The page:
Pennsylvania doesn’t have the only Groundhog Day event going on; in Hollywood Beach, Florida, Groundhog Day was celebrated with a fundraising Plunge to raise funds for area lifeguards. Fourteen years and still going strong, Groundhog Day morning brings crowd to Ocean Alley Restaurant right on the Boardwalk in Hollywood, Florida for a great breakfast followed by a plunge in the ocean.
It was about 1000 miles to the south and about 50 degrees warmer but the focus was all on Punxsutawney Phil Groundhog Day morning in Hollywood Beach. The crowd gathered inside Ocean Alley restaurant for a sunrise breakfast in front of monitors streaming live video from Gobbler’s Knob. Even though South Florida is not known for a drastic winter and the thought of another six weeks means nothing there is still a sense of excitement.
“Our idea is that we want to see how many more days of tourism we are going to have because this is where people stay if it is cold up north.” Says Debra Case. She is the owner of Ocean Alley which has been hosting the event each year. The restaurant provides breakfast prior to the arrival of Phil which can be viewed on monitors throughout the dining area. 12 dollars gets you breakfast, a t-shirt, and chance to take part in the post breakfast swim in the Atlantic.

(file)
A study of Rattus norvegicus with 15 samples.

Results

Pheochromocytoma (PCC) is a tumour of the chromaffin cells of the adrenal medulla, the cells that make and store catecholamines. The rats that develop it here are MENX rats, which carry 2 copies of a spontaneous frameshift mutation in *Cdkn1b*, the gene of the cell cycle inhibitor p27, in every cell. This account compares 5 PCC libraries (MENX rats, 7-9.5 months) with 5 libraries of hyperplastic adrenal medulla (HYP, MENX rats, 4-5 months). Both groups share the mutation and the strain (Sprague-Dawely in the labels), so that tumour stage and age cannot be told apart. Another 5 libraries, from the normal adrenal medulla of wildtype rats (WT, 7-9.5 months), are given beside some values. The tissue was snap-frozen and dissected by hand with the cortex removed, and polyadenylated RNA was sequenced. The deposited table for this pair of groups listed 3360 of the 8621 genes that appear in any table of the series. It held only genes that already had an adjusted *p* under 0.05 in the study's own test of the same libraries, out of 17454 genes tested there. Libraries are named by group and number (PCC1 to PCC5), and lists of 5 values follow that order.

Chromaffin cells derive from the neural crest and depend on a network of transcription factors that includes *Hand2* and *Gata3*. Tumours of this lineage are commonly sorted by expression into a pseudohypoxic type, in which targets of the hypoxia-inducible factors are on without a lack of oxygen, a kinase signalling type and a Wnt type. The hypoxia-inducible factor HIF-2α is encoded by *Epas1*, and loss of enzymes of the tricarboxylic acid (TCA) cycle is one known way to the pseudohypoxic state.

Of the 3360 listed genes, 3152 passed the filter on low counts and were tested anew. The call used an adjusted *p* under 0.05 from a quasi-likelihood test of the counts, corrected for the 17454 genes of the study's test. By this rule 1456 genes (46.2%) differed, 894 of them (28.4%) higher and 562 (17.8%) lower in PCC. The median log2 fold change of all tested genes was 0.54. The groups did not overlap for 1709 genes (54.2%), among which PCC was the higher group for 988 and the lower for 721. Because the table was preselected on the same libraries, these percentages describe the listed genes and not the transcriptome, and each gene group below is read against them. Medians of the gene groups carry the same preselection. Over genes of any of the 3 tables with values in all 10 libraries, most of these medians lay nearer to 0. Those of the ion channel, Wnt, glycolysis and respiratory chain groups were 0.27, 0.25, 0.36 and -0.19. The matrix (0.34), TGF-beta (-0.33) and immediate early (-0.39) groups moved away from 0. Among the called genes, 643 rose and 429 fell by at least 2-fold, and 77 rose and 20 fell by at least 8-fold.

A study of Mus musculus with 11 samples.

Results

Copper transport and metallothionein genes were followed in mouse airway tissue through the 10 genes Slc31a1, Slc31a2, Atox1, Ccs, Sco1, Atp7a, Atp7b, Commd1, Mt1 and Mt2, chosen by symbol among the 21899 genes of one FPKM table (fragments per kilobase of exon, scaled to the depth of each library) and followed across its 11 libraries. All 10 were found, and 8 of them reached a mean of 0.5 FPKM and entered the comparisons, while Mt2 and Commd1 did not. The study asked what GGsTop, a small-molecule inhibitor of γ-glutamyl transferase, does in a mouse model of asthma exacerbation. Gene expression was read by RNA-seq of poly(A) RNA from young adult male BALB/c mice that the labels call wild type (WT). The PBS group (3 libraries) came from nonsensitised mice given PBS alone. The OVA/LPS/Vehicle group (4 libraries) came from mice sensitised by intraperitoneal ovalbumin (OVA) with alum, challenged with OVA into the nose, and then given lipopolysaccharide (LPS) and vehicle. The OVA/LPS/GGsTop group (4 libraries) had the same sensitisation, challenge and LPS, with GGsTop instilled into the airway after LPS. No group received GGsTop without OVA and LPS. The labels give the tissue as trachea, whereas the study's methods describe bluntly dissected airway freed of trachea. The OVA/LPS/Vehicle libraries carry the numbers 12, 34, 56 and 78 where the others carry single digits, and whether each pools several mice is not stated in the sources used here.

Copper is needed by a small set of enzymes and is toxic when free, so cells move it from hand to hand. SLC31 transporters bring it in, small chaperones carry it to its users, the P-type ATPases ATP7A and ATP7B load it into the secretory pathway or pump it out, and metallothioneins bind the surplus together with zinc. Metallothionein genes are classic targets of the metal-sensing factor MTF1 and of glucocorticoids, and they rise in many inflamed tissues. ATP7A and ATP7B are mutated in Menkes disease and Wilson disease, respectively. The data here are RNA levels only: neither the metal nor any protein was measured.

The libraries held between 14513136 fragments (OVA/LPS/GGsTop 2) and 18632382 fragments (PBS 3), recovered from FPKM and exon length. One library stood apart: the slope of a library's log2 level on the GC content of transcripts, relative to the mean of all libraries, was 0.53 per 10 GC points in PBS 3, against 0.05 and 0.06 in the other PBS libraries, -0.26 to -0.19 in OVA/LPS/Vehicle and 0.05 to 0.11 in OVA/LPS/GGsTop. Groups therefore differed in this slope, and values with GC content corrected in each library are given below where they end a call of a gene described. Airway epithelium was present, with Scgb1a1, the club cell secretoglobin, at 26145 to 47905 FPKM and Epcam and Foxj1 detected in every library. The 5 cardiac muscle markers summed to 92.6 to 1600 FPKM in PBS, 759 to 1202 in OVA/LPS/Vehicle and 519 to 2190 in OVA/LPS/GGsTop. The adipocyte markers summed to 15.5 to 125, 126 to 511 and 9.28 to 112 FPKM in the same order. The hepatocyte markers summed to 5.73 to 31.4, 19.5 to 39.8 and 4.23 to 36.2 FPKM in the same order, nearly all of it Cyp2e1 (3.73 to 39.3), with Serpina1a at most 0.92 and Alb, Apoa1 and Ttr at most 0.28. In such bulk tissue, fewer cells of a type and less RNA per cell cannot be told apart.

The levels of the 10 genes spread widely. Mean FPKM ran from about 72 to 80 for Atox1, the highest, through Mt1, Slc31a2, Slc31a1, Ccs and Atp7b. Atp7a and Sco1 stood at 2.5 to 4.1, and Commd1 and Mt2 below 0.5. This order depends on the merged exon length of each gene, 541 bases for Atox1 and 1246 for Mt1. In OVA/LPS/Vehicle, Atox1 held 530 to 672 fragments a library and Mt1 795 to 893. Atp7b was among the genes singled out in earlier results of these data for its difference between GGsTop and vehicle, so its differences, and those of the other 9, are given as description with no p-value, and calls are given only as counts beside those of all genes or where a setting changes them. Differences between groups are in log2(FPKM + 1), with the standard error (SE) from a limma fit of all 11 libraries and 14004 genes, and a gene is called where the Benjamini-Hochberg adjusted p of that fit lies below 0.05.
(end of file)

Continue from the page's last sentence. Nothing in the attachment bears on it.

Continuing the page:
Jeff Hansen is the event organizer and wanted to bring the vibe of Punxsutawney here to South Florida. “I went up there for 3-4 years and just about froze to death but loved the vibe.” He says as he collected money at the door. “We started the event down here for the lifeguards.” He said. “Funding for the travel team is kind of light so we try to help them out.” This year the Hollywood Beach Competition team is traveling to Virginia Beach for the annual meet.
At 7:30 AM the crowd cheered at the emergence of Punxsutawney Phil and the cheers grew louder at the announcement of six more weeks of winter. With that the restaurant as the crowd crosses the beach and heads for the annual Groundhog Day plunge. At 75 degrees it may not be too dramatic and last a little longer than polar plunges often seen up north. “Snowbirds come down here for this and think the water is downright hot compared to where they are from.” Says Hansen as he views the crowd from the beach. Each year the crowd grows by about 10 or 20 and the hope is to continue the event next year to make if 15 years in a row.